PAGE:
Preventing Mom Burnout: Stop Overthinking (Tip 7) by Dr. Andrea Tesher

I carry many roles…daughter, wife, friend, therapist. But the most rewarding and greatest role is that of mother. However, being a mom is hard! I had no idea how challenging being a mother could be, but now I experience it, I hear it from my friends, and I work with clients who struggle with the responsibility. Stepping into motherhood is a beautiful experience yet there is an enormous transition from being independent to being responsible and accountable for someone else all the time. Even if we have partner who is supportive and shares the workload, as moms there are many tasks that fall on us: meal planning, grocery shopping, cooking, laundry, mess cleaning, playmate, and perhaps working an outside job as well. We maintain schedules and work to ensure our children are engaged and socialized. We juggle a lot, which can be physically and emotionally draining.

If you find yourself yelling more, losing patience easily, irritable, and overall feeling overwhelmed, you may be experiencing mom burnout. Everyone experiences daily stressors, but moms share the unique experience of not having much of a chance to settle or de-stress. Whether you work during the day and come home to children, or spend the day at home caring for children, many times we don’t have much of a break until the children are sleeping. Even then, there may be tasks to complete like putting the dishes in the dishwasher, cleaning up toys, paying bills, finishing up work from the day, or even planning for the next day. A mother’s job is never done. In order to prevent burnout from motherhood stress, it is important to take steps to care for yourself.

Each week I will give you one helpful tip to reduce stress and help you experience the joy motherhood can offer:

Tip 1 : Schedule

Tip 2 : Step Back

Tip 3 : Get out

Tip 4 : Get Dressed Up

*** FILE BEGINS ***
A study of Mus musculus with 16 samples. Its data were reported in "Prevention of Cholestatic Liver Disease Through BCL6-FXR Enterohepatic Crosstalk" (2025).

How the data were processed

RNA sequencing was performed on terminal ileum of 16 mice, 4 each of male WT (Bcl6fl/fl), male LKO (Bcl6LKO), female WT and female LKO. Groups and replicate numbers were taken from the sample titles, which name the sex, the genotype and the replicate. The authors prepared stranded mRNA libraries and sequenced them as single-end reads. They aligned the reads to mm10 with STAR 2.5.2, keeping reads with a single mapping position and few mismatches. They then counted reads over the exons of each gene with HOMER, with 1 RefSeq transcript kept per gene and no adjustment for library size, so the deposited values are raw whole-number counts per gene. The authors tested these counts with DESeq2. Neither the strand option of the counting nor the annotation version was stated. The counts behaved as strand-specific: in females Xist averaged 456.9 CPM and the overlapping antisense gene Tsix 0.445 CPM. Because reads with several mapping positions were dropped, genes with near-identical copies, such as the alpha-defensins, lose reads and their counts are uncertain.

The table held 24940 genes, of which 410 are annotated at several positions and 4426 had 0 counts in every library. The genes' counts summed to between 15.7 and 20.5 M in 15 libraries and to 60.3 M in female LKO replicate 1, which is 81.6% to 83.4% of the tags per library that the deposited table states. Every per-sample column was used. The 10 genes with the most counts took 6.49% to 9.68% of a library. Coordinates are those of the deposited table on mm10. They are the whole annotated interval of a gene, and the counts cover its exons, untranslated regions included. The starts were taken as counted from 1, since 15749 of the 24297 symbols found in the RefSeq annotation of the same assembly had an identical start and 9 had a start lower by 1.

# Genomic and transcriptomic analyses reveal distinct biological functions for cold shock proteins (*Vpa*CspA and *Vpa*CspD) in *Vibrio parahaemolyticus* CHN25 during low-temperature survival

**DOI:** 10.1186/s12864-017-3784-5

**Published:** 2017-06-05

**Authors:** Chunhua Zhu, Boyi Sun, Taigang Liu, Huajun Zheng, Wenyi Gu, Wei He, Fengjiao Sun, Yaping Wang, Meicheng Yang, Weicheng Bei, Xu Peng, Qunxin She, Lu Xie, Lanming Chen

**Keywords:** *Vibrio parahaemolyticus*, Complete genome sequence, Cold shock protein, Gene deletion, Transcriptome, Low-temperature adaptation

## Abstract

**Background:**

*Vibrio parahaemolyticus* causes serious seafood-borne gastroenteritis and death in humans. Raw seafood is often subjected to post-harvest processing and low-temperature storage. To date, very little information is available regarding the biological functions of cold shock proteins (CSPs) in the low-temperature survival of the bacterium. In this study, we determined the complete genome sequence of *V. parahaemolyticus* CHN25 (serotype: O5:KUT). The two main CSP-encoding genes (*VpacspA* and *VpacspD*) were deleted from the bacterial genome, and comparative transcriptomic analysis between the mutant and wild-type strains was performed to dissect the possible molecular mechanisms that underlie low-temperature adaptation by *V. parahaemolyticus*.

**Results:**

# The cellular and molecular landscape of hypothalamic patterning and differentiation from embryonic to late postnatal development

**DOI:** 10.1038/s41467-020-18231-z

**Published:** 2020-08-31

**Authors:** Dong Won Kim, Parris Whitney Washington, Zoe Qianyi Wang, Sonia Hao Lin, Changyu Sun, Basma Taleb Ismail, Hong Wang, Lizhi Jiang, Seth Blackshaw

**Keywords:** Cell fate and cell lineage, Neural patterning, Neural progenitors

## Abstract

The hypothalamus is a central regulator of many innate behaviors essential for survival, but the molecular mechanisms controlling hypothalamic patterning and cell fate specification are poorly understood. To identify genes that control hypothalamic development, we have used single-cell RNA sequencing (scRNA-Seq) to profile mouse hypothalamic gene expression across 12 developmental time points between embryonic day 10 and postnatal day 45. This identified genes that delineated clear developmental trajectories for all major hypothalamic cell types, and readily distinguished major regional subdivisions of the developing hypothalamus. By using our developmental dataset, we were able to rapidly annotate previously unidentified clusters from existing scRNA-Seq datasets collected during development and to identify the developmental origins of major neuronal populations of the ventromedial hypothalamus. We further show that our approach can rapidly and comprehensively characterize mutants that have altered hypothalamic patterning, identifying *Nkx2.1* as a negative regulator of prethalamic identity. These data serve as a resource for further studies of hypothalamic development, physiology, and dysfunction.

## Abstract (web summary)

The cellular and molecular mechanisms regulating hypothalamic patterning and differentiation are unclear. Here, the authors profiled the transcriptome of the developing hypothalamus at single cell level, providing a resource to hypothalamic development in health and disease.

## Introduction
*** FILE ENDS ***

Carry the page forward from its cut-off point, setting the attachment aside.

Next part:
Tip 5 : Ask for Help/Say No

Tip 6 : Make the Most of Personal Time

Tip 7 : Stop Overthinking

In the time frame of one day we are faced with many decisions, especially now. Do you find yourself trying too hard to find the “right” decision? As they say, “don’t sweat the small stuff.” Spend your energy on those choices that are important and give less of yourself to the choices that will have less impact on your world. Try to let things go.

A lot of times women feel alone in their struggles, so it's helpful to hear that others are going through similar things. Women have the same thoughts, same feelings, same anxieties and same worries. Dr. Andrea Tesher facilitates a support group, Moms With Anxiety Group at the Lukin Center for Psychotherapy, in Ridgewood, NJ. This is a small, confidential, and supportive group that meets to explore and discuss skills to cope with anxiety or stress related to being a mother and balancing all that comes our way. It's a judgment-free zone.

Lukin Center Psychotherapy Offers Tele-Therapy

To help support our community, we are offering a 15% discount for new patients that are interested in getting started with tele-health to help manage feelings of anxiety and isolation during this time.

Dr. Andrea Tesher, Psy.D., is a Licensed Clinical Psychologist at Lukin Center for Psychotherapy, specializing in the treatment of adults with anxiety disorders, depression, substance abuse, difficulties regulating emotions, relationship problems and women's issues.

Konstantin Lukin, Ph.D., is a licensed clinical psychologist in Ridgewood, Hoboken, NYC, Jersey City and newly opened Englewood. He has extensive clinical and research experience spanning individuals of all ages, in both inpatient and outpatient settings. He specializes in men’s issues, couple’s counseling, and relationship problems. His therapeutic approach focuses on providing support and practical feedback to help patients effectively address personal challenges. He integrates complementary modalities and techniques to offer a personalized approach tailored to each patient. He has been trained in cognitive-behavioral, dialectical behavior, schema-focused, and emotionally focused therapy, and has also been involved with research projects throughout his career, including two National Institute of Mental Health-funded studies. He is a member of the Association for Behavioral and Cognitive Therapies, New Jersey Psychological Association, Northeast Counties Association of Psychologists, New York State Psychological Association, The International Centre for Excellence in Emotionally Focused Therapy, The New York Center for Emotionally Focused Therapy, the International OCD Foundation, the Association for Contextual Behavioral Science (ACSB) and a regular contributor to Psychology Today.